Saskatoon’s mayor says the group looking to land an NHL franchise is “exceedingly serious”


Yesterday we passed along a TSN report that a group in Saskatoon was interested in bringing an NHL franchise to the prairie city. I didn’t think much of the chances of that ever happening, leading one commenter to call me “an ignorant American.” (I am Canadian.)

Anyway, Saskatoon mayor Don Atchison was asked about the group that’s reached out to the NHL.

“They’re exceedingly serious, make no bones about that,” Atchison told the StarPhoenix. “But it doesn’t matter how serious the ownership group is. We have seen that once before when Mr. (Bill) Hunter bought the team and was ready to move it here.

“It will be up to the NHL what occurs in the end.”

“Wild” Bill Hunter tried to relocate the St. Louis Blues to Saskatoon in 1983, but the league’s board of governors nixed the move by a 15-3 vote. (“Who the hell wants to go to Saskatoon, anyway? I don’t want to be taking dogsleds to get around,” former Leafs owner Harold Ballard said.)

“I don’t think Bill Hunter’s dream has ever totally died,” Atchison said. “Some people believe there could be a team and people continuously talk about there being an NHL team here. With other centres in the United States having difficulties, it’s wonderful that the NHL and the rest of North America sees Saskatoon as a spot of interest, at least.”

Saskatchewan premier Brad Wall also weighed in on the story.

“Obviously this is very hypothetical and in early stages and sort of the stuff of rumors right now,” Wall told the Business News Network.

“But I’m pretty biased. I would wonder why the NHL’s not already in Canada’s greatest province. I think we produce more per capita NHL players than anywhere else in the country. And obviously it’s a hotbed of hockey.

“If Winnipeg can do it, I like our chances.”

Except Winnipeg’s population is 671,551 and Saskatoon’s is 222,035, and Winnipeg has a modern arena and Saskatoon doesn’t.

Kings GM says Mike Richards went into ‘a destructive spiral’

Mike Richards

The Los Angeles Kings may owe Mike Richards money until 2031 (seriously), but in settling his grievance, the team and player more or less get to turn the page.

Not before Kings GM Dean Lombardi shares his sometimes startling perspective, though.

Lombardi has a tendency to be candid, especially in the press release-heavy world of sports management. Even by his standards, his account of Richards’ “destructive sprial” is a staggering read from the Los Angeles Times’ Lisa Dillman.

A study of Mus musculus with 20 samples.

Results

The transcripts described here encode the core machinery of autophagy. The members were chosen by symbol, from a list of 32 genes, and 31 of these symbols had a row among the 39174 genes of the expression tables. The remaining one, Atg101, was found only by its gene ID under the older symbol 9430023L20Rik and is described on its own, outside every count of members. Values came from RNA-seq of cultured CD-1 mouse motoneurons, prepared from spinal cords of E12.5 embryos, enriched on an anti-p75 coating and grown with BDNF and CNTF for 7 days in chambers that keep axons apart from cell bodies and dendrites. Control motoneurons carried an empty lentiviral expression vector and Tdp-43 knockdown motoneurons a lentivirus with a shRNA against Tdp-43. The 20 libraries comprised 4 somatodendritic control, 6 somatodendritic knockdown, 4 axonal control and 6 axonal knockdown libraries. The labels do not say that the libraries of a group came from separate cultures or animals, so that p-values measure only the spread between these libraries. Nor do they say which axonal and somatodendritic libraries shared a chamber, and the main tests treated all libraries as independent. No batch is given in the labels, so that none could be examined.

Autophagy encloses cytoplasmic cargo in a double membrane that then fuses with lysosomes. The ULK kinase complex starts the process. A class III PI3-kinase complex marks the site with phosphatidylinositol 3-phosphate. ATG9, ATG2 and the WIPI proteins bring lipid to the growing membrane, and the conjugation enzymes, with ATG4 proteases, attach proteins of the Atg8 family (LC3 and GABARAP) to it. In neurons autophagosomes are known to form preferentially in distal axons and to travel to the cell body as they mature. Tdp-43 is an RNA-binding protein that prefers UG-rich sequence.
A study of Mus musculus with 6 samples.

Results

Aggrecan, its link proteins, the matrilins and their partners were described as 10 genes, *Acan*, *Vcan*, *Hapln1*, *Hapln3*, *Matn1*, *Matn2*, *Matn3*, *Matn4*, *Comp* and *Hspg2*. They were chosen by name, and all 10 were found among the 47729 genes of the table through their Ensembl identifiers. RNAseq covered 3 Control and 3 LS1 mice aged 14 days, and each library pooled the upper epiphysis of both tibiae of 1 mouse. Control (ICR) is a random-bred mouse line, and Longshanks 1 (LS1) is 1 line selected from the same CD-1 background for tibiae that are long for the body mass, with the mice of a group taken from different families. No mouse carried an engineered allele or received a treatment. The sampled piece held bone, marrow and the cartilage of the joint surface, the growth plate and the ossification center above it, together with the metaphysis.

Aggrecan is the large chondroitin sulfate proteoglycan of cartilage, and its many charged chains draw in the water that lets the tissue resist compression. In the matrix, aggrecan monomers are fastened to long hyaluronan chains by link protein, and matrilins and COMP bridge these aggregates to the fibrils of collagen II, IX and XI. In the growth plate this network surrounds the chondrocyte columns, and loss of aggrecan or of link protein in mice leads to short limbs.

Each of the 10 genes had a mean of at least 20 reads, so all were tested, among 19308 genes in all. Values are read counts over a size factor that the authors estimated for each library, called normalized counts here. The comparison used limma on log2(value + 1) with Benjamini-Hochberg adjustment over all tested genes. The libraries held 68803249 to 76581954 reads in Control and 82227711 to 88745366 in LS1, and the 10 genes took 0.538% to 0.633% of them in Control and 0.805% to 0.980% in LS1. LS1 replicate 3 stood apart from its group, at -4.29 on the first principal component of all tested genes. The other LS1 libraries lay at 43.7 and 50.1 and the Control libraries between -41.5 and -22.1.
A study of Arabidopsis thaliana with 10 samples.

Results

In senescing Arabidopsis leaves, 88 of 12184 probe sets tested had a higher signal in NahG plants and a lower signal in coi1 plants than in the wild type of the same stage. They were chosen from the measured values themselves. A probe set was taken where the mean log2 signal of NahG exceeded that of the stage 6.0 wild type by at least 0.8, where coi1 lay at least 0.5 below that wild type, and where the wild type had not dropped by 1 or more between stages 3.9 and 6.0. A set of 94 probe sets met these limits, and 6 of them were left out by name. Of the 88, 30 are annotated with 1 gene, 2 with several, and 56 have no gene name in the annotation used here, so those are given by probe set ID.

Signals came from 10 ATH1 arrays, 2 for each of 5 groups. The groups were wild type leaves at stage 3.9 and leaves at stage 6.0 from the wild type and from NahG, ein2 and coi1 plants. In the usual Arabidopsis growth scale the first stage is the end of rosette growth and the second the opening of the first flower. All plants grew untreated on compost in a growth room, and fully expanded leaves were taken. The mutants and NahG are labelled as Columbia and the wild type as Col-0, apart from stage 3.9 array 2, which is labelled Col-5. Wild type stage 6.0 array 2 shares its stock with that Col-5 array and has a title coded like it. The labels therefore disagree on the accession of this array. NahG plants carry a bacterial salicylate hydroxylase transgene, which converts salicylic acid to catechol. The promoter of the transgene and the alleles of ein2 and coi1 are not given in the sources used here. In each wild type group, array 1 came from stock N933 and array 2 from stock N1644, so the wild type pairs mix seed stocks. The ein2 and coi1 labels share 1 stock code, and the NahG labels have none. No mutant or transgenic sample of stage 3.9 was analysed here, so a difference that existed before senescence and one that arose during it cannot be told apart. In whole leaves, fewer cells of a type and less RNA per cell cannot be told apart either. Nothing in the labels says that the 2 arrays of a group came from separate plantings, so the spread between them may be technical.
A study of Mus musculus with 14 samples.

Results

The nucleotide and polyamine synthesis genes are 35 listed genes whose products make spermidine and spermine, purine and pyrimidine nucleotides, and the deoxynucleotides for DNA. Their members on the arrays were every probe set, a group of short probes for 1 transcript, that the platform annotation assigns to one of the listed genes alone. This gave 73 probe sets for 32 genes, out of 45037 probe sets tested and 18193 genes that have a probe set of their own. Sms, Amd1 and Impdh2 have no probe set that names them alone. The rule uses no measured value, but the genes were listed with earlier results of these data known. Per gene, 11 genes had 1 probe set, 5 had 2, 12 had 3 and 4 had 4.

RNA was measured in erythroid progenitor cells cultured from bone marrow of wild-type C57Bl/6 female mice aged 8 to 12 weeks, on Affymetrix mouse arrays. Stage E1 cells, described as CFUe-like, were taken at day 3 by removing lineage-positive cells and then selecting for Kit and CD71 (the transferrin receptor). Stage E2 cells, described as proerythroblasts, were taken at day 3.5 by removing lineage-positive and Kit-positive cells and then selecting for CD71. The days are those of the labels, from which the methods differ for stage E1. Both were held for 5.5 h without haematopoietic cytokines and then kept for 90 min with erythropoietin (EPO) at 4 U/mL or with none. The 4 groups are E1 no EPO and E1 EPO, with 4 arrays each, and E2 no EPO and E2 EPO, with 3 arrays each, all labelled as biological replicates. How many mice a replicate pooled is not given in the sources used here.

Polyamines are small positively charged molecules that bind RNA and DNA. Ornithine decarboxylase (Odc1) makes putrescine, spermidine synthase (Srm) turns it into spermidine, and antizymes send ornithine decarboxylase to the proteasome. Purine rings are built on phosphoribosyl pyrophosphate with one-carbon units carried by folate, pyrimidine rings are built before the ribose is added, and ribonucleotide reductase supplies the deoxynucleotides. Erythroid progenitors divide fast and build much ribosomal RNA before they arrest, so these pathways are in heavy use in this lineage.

“Without a doubt, the realization of what happened to Mike Richards is the most traumatic episode of my career,” Lombardi said in a written summation he provided to the Los Angeles Times. “At times, I think that I will never recover from it. It is difficult to trust anyone right now – and you begin to question whether you can trust your own judgment. The only thing I can think of that would be worse would be suspecting your wife of cheating on you for five years and then finding out in fact it was true.”

Lombardi provides plenty of eyebrow-raising statements to Dillman, including:

  • He believed he “found his own Derek Jeter” in Richards, a player who “at one time symbolized everything that was special about the sport.”
  • Lombardi remarked that “his production dropped 50 percent and the certain ‘it’ factor he had was vaporizing in front of me daily.”
  • The Kings GM believes that he was “played” by Richards.

… Yeah.

Again, it’s a powerful read that you should soak in yourself, even if you’re unhappy with the way the Kings handled the situation.

Maybe the most pressing of many lingering questions is: will we get to hear Richards’ side of the story?

Coyotes exploit another lousy outing from Quick

Jonathan Quick

Those people might feel validated through the Los Angeles Kings’ first two games, as he followed a rough loss to the San Jose Sharks with a true stinker against the Arizona Coyotes on Friday.

Sometimes a goalie has a bad night stats-wise, yet his team is as much to blame as anything else. You can probably pin this one on Quick, who allowed four goals on just 14 shots through the first two periods.

Things died down in the final frame, but let’s face it; slowing things down is absolutely the Coyotes’ design with a 4-1 lead (which ultimately resulted in a 4-1 win).


A soft 1-0 goal turned out to be a sign of things to come:

Many expected the Kings to roar into this second game after laying an egg in their opener. Instead, the Coyotes exploited Quick’s struggles for a confidence-booster, which included key prospect Max Domi scoring a goal and an assist.

It’s worth mentioning that Mike Smith looked downright fantastic at times, only drawing more attention to Quick’s struggles.


After a troubled summer and a failed 2014-15 season, Los Angeles was likely eager to start things off the right way.

Instead, they instead will likely focus on the fact that they merely dropped two (ugly) games.